The state will make the money available in grants to up to $10,000 per business, he said at a news conference. The money will come from Idaho’s $1.25 billion share of coronavirus relief that Congress passed in March.

“With this step, we will be able to support more than 30,000 of Idaho’s smallest businesses,” Little said. “Many of these businesses are the backbone of their communities.”

He said that no other state has made so large a share of its federal relief money available to small businesses as cash support.

The grants are limited to businesses that have not received Paycheck Protection Program loans or whose loans were less than $10,000, Little said. The paycheck protection program offers businesses loans that do not have to be repaid if they spend at least 75% of it to keep, or rehire, workers who otherwise would be laid off.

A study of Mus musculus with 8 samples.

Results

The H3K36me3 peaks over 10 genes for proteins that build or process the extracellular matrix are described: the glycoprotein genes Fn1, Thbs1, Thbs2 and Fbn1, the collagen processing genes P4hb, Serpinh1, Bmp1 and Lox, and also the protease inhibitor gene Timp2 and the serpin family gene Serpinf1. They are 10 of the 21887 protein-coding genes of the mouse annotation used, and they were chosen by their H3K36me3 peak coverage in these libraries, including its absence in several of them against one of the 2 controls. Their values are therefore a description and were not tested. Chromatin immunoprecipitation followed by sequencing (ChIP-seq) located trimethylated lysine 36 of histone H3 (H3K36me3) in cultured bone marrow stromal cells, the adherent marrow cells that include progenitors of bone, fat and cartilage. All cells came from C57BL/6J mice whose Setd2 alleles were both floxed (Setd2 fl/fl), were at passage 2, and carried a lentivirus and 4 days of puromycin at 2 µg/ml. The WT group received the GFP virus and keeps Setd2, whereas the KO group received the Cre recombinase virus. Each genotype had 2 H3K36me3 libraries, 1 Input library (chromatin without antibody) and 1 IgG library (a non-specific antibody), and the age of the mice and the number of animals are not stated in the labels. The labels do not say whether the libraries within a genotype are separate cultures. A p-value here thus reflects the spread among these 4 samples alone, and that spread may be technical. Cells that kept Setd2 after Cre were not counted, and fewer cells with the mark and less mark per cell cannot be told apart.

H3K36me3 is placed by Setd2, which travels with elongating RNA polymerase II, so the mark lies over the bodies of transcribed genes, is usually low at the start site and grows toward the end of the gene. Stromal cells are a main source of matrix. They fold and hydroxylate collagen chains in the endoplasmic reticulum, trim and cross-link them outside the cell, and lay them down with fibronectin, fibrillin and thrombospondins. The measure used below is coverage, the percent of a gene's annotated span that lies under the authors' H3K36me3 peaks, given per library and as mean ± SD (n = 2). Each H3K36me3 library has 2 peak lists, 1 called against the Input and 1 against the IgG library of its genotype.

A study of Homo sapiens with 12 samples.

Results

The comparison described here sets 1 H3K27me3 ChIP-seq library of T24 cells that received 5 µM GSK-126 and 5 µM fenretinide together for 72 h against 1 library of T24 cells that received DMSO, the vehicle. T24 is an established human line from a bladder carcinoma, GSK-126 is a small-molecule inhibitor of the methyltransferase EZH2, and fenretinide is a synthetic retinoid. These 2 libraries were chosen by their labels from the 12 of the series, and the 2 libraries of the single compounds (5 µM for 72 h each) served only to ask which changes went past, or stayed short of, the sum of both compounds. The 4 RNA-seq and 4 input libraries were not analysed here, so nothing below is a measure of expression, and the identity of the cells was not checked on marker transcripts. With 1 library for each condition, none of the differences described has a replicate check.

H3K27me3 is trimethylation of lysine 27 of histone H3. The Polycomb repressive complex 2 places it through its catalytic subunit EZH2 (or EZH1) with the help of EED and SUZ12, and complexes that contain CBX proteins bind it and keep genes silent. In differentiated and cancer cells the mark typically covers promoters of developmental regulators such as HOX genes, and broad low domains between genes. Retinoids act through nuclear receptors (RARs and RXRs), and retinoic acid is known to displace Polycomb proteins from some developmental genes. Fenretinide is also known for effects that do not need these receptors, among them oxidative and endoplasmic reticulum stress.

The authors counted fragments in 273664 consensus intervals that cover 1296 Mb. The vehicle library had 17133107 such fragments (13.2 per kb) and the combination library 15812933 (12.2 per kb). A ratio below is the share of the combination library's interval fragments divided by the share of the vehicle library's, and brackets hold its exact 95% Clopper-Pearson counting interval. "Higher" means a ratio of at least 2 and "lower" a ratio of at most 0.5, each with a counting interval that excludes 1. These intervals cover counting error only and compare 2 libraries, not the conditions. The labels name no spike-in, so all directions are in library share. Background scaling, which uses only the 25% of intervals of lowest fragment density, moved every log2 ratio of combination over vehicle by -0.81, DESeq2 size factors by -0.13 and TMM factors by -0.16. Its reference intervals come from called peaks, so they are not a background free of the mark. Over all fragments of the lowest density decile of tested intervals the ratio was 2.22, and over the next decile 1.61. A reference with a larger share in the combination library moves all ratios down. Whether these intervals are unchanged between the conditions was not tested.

Grant applications will be screened by the state’s coronavirus financial advisory committee to ensure that the grants are “carefully targeted” for small businesses, Little said. The full criteria for eligibility for the grants will be released online at at 9 a.m. Tuesday, he said.

The application process is expected to begin the following Monday, May 11, and will be administered by the Idaho State Tax Commission. Small businesses will need to create a Taxpayer Access Point account and should do so as soon as possible, Little said. Information on how to set up an account is available on the Rebound Idaho website.

In the interest of transparency, Little said all recipients of the money will be displayed at

He added that the move to make grants available to businesses was recommended by his state economic rebound advisory committee Little said he hopes the money will “ensure a path back to prosperity and restore the trajectory we had just 70 days ago.”

Before the coronavirus pandemic, Idaho was preparing to announce a record-high employment rate and record-low unemployment rate, Little said.

“In a matter of weeks, now we’ve got over 110,000 people in the (unemployment) system,” he said. “We are basically going from zero to 100 miles an hour in that area.”